Saturday, August 27, 2011

In which our tiny hero has his first experience with PAIN.

So Jim had his first shots on Wednesday, and it was pretty much the worst thing that's ever happened. To anyone. Ever.


On the up side, his bandaids were delightfully chipper.

But let's put off talking about the bad parts, shall we? The car ride was suitably pleasant. Noah has the strange habit of deliberately setting all clocks off by at least ten minutes, so I was convinced I was ten minutes late, but it turned out we were slightly early, so Jim got to look at all the interesting things in the waiting room (that is, one of those slidey-tubey toys, several brightly-colored chairs, two generic pastel seascapes, and a bratty toddler).

When we got called back, Jim got to get nekkid, which was not his favorite part of the morning thus far. Apparently frozen children are healthy children, because the entire building seems to be kept at visible-breath conditions. Jim was stoic, though, as long as he had some flannel polka dots protecting his teeny butt from frostbite.

After disrobing, we got to go check his growth. There was no poop on the scale this time, glory be, and he didn't even fuss when they put him on the rack to check his length. He weighs 13lb 7.5oz (55th percentile), is 24 inches long (52nd percentile), and has a 43cm head (88th percentile). So, he's basically average-sized (which is good, considering he was tiny at birth) with an extraordinarily large head. Have to put the brains somewhere, no?


Pudgy thighs are also good for brain storage, according to Noah.

After the weights-and-measures portion of the competition came the actual visit with the pediatrician. This part was fairly uneventful. He praised Jim's growth, looked him over, made sure he was developing properly, and expressed proper admiration at his prodigious skill in rolling over. Then the dirty coward left the room and sent in a nurse to do the dirty work.

Have you ever considered how much it must suck to make children miserable as a profession? No doubt they keep a scoreboard at the nurses' station to keep track of tears induced per nurse, possibly with prizes for top performers. Prizes make everything easier to take.


Sorry, I just love his chubby little legs.

Anyway, the nurse came in, armed with syringes and vials and all manner of arcane tools. Jim was happily lying on the exam table, unaware of what horrors were in store. We got down to business fairly quickly with a tube of orange liquid (Tylenol, apparently, but arsenic for all Jim knew). It smelled like Dayquil, and by Jim's reaction, tasted like it, too. It took about three attempts to get it down his throat, and that got him properly started on the path to fussiness. I'm guessing it was especially shocking because the only things he'd ever swallowed before were breastmilk and the occasional cat hair.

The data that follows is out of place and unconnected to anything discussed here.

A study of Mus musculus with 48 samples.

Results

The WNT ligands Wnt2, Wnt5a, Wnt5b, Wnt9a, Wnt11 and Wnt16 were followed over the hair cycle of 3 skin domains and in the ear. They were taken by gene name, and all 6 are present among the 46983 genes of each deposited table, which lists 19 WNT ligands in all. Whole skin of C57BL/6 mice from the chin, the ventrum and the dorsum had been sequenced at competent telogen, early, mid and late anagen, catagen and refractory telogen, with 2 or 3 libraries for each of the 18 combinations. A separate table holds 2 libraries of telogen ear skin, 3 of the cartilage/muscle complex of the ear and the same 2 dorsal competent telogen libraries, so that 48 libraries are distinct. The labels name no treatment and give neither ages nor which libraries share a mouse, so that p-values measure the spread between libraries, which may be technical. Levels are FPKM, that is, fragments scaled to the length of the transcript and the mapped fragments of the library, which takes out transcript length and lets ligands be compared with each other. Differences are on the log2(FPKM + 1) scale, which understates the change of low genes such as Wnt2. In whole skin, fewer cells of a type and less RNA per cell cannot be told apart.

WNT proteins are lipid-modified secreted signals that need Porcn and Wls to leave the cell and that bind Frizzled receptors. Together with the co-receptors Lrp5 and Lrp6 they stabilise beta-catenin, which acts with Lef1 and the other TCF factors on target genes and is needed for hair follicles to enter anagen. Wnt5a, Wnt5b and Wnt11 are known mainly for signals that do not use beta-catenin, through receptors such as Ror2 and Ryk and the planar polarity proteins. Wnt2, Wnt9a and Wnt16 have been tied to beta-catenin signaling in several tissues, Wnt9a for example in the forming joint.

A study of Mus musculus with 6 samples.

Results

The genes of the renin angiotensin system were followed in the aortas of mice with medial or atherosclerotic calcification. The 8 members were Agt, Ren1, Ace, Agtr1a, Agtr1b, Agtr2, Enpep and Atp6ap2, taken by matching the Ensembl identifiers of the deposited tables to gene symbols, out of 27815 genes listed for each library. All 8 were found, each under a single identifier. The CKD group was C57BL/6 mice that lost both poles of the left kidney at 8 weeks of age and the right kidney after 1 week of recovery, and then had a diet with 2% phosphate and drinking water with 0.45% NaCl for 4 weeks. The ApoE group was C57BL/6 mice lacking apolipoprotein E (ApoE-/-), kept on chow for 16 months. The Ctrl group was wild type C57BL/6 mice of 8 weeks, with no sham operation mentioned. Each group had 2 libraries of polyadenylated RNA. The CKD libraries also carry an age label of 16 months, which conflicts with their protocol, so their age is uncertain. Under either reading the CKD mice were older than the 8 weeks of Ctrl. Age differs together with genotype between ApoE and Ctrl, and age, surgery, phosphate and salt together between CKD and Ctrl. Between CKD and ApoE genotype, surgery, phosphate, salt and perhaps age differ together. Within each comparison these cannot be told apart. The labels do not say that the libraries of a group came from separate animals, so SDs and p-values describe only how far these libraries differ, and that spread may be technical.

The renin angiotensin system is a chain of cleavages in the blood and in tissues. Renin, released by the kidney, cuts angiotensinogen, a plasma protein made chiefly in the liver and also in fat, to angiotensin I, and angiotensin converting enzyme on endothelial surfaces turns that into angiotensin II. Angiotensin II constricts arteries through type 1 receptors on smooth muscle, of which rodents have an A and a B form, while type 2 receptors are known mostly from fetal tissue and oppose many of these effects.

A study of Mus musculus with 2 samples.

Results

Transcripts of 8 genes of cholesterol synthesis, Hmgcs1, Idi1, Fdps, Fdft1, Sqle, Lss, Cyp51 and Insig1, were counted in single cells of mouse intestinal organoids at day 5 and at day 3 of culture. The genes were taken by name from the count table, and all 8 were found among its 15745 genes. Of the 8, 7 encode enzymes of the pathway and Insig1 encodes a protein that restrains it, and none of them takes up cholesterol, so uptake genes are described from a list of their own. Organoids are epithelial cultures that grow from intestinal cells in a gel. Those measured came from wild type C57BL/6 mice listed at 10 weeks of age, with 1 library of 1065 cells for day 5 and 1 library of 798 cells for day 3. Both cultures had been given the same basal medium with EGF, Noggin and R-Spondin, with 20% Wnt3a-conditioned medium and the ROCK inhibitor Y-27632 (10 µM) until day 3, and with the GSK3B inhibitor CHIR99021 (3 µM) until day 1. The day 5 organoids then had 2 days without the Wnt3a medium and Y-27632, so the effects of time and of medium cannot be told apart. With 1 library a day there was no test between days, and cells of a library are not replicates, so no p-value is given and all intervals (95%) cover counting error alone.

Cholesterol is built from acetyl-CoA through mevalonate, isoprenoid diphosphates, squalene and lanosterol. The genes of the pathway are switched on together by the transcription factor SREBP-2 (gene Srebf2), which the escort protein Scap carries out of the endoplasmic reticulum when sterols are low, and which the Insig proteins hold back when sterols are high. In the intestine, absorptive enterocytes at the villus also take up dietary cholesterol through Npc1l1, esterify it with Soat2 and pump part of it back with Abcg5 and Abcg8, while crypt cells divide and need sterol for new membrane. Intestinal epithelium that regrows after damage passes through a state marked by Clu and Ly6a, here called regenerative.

Next came the rotavirus vaccine, which is also oral, and apparently even nastier than orange Tylenol. This took about five attempts, and I'm pretty sure a good half of it went down his chin and all over his chest. Good thing he was still naked. By the time he got that down his gullet, he was crying for serious. The first injection (Hepatitis B) came next, and produced more wailing than I've seen out of the poor little dude since he was born. So at this point he's sobbing, and I'm sniffling, and the nurse brandishes two more needles and goes, "These ones burn some, so he might cry a little."

...

Oh? Oh, I see. She stuck them in mercifully quickly, and I guess he had some reserves left, because he screamed his poor little gargantuan head off. I'm pretty sure the nurse was delighted to pack up her torture implements and leave behind the overly-sympathetic sobbing chick and hyperventilating bright-red baby. The hysteria abated about a minute after she left, but it took probably a good fifteen minutes to calm him down to anything approaching his normal equanimity.


Recovering.

Fortunately, there were no lasting effects. No crying after the first bit, no irritability, no fevers or comas or brain-swelling or ACME Instant Autism. He napped in the car and for an hour when we got home and then was his usual smiley self for the rest of the day. Hopefully the next batch (in October) will be less traumatic, but I'm trying not to get my hopes up.

And no, I don't feel guilty. It sucked for about twenty minutes, but hey, it beats polio.

2 comments:

Rosa said...

I feel for you. I remember having to hold Noah's leg for them to do that. I'm glad he(and you) recovered quickly. I would have held your hand if I was there.

Ma said...

I was always chicken. Whenever I could, I stayed out of the exam room and made John go in with them.